We need more urban design that supports healthy living, opportunities for walking and cycling – bearing down on the 40% of car journeys that are less than 2 miles – low-crime neighbourhoods, action on the environment and cross-governmental work on air quality
14 February 2020
The Secretary of State for Health and Social Care addressed the All-Party Parliamentary Group for Longevity at the launch of their longer, healthier lives strategy.
A new report, The Health of the Nation: A Strategy for Healthier Longer Lives, was published by the All-Party Parliamentary Group (APPG) for Longevity. It found that women in the UK are living for 29 years in poor health and men for 23 years: an increase of 50% for women and 42% for men on previous estimates based on self-reported data.
The APPG for Longevity has spent nine months working with a range of cross-party politicians, the government’s Behavioural Insight Team and Public Health England, as well as experts including the King’s Fund and the Health Foundation on how to improve the nation’s health.
Matt Hancock, Secretary of State for Health and Social Care, speaking at the report’s launch, noted that among policymakers – especially in government – our ageing society has traditionally been framed as a problem, a liability. Longer life is not a problem to be tackled but a goal to be pursued.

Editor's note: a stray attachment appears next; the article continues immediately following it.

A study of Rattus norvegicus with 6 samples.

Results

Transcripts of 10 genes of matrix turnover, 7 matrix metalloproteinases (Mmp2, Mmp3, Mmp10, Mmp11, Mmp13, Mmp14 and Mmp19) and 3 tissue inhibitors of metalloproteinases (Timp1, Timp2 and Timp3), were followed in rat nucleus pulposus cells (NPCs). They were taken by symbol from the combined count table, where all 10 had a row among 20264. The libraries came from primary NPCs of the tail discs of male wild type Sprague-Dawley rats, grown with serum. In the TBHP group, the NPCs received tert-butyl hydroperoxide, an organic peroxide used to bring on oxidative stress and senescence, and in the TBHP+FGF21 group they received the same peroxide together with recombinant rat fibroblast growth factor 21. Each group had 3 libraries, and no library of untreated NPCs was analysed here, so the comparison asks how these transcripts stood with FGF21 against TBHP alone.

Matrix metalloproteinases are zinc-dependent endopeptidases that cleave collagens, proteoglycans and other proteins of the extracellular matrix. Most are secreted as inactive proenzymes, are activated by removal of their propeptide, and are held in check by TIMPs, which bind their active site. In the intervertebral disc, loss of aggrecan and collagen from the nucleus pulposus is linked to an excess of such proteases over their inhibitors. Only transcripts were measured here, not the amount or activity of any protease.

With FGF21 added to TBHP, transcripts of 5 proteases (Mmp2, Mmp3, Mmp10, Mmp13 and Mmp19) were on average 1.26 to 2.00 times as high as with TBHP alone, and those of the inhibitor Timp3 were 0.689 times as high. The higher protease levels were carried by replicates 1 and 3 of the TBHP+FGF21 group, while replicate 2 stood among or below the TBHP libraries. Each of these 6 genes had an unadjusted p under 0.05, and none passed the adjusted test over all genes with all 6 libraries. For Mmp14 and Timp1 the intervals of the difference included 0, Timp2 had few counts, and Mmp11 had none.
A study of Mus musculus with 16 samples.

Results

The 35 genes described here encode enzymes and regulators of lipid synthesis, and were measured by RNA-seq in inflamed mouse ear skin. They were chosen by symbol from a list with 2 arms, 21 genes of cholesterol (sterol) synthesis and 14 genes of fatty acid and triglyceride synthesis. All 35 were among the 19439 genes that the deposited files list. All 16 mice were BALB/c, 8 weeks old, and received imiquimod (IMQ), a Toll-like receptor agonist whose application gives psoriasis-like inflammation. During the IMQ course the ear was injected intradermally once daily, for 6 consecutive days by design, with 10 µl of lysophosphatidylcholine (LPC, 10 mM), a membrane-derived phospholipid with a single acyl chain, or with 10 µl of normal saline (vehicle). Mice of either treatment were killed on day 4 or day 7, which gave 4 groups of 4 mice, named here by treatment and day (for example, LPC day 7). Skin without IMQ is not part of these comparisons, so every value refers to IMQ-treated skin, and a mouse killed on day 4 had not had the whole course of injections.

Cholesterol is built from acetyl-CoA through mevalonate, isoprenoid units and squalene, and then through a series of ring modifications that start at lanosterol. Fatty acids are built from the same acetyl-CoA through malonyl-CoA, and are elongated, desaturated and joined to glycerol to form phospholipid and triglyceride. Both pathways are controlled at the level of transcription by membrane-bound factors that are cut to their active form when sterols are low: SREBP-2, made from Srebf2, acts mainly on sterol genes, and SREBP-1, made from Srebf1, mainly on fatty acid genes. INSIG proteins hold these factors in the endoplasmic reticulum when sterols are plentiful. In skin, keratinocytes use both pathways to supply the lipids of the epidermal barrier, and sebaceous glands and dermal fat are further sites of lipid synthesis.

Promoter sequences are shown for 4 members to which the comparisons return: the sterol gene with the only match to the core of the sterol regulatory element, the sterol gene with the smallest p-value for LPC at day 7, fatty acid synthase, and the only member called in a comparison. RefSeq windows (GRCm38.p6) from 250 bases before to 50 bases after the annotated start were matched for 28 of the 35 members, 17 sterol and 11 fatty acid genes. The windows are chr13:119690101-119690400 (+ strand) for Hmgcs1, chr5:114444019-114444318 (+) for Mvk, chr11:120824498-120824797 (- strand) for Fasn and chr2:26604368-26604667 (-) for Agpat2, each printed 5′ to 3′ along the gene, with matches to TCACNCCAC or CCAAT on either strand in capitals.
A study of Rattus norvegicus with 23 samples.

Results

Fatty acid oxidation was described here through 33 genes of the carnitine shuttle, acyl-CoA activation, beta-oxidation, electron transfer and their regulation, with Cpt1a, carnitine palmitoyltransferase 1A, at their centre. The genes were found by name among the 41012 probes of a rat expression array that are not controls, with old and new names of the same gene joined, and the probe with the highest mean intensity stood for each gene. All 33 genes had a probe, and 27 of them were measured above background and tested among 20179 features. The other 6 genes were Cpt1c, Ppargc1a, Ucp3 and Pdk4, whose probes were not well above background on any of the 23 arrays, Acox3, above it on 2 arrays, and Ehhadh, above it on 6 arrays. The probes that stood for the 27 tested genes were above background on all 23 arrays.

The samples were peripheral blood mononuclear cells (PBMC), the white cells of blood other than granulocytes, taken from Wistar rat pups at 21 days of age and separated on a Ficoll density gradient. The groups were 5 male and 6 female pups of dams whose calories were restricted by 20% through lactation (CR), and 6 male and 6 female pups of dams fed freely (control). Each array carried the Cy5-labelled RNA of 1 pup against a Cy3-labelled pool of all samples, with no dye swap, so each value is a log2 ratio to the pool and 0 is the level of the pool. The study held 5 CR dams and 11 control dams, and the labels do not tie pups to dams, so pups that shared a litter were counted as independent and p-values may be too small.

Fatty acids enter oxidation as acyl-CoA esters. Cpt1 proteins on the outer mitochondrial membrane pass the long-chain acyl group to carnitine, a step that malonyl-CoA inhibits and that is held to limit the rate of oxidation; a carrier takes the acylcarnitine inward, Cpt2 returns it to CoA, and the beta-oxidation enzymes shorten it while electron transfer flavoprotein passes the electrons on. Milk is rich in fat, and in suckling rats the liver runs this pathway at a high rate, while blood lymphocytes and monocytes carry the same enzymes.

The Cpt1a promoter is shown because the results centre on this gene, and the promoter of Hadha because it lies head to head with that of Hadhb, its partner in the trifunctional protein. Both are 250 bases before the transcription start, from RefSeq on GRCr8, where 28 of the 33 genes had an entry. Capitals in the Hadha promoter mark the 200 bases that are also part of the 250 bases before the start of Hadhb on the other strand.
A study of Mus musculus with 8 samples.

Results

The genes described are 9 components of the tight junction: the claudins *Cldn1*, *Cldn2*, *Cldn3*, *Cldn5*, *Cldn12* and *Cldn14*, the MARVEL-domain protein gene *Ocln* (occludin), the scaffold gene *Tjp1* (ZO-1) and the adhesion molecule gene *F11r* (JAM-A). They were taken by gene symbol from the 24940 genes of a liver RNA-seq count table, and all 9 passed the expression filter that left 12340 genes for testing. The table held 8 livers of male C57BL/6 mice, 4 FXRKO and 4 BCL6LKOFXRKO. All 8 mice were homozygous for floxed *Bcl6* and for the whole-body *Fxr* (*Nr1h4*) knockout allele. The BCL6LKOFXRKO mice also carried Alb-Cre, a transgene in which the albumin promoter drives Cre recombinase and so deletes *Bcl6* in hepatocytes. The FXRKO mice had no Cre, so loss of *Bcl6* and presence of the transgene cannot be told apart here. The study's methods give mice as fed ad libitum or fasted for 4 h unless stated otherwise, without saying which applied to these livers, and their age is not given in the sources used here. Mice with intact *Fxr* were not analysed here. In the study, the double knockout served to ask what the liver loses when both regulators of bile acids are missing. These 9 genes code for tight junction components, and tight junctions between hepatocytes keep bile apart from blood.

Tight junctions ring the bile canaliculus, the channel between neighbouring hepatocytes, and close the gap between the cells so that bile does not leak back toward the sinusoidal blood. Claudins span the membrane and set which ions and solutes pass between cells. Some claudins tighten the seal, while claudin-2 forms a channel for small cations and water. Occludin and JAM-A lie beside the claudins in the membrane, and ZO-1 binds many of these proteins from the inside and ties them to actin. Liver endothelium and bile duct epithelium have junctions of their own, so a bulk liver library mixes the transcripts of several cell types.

‘The first is place and its relationship to people,’ he said: ‘Because however you choose to measure the evidence is clear: your chance of a healthy old age is closely tied to where you live.
‘A man born in Blackpool can expect only 53 years of healthy life, while a man born in Buckingham gets 68.
Tackling this postcode inequality matters to this government. It’s what we mean when we talk about ‘levelling up’.
Tina Woods, joint APPG lead and co-author of the report, said: ‘If the number of working age people with limiting long-term health conditions were reduced by 10%, it would increase the economic activity rate by 3% in the ‘northern powerhouse.’
'Levelling up' is also about about the kind of urban design that supports healthy living, more opportunities for walking and cycling – bearing down on the 40% of car journeys that are less than 2 miles, low-crime neighbourhoods, and action on the environment like our cross-government work on air quality.
This is something that the Prime Minister is strongly personally committed to, and our announcement yesterday of 250 miles of new cycling routes is another milestone on that journey, said Hancock.
The report also found that up to 75% of new cases of heart disease, stroke and type 2 diabetes, 40% of cancer incidence and dementia risks could be reduced if we cut smoking, unhealthy diet, harmful consumption of alcohol and insufficient physical activity.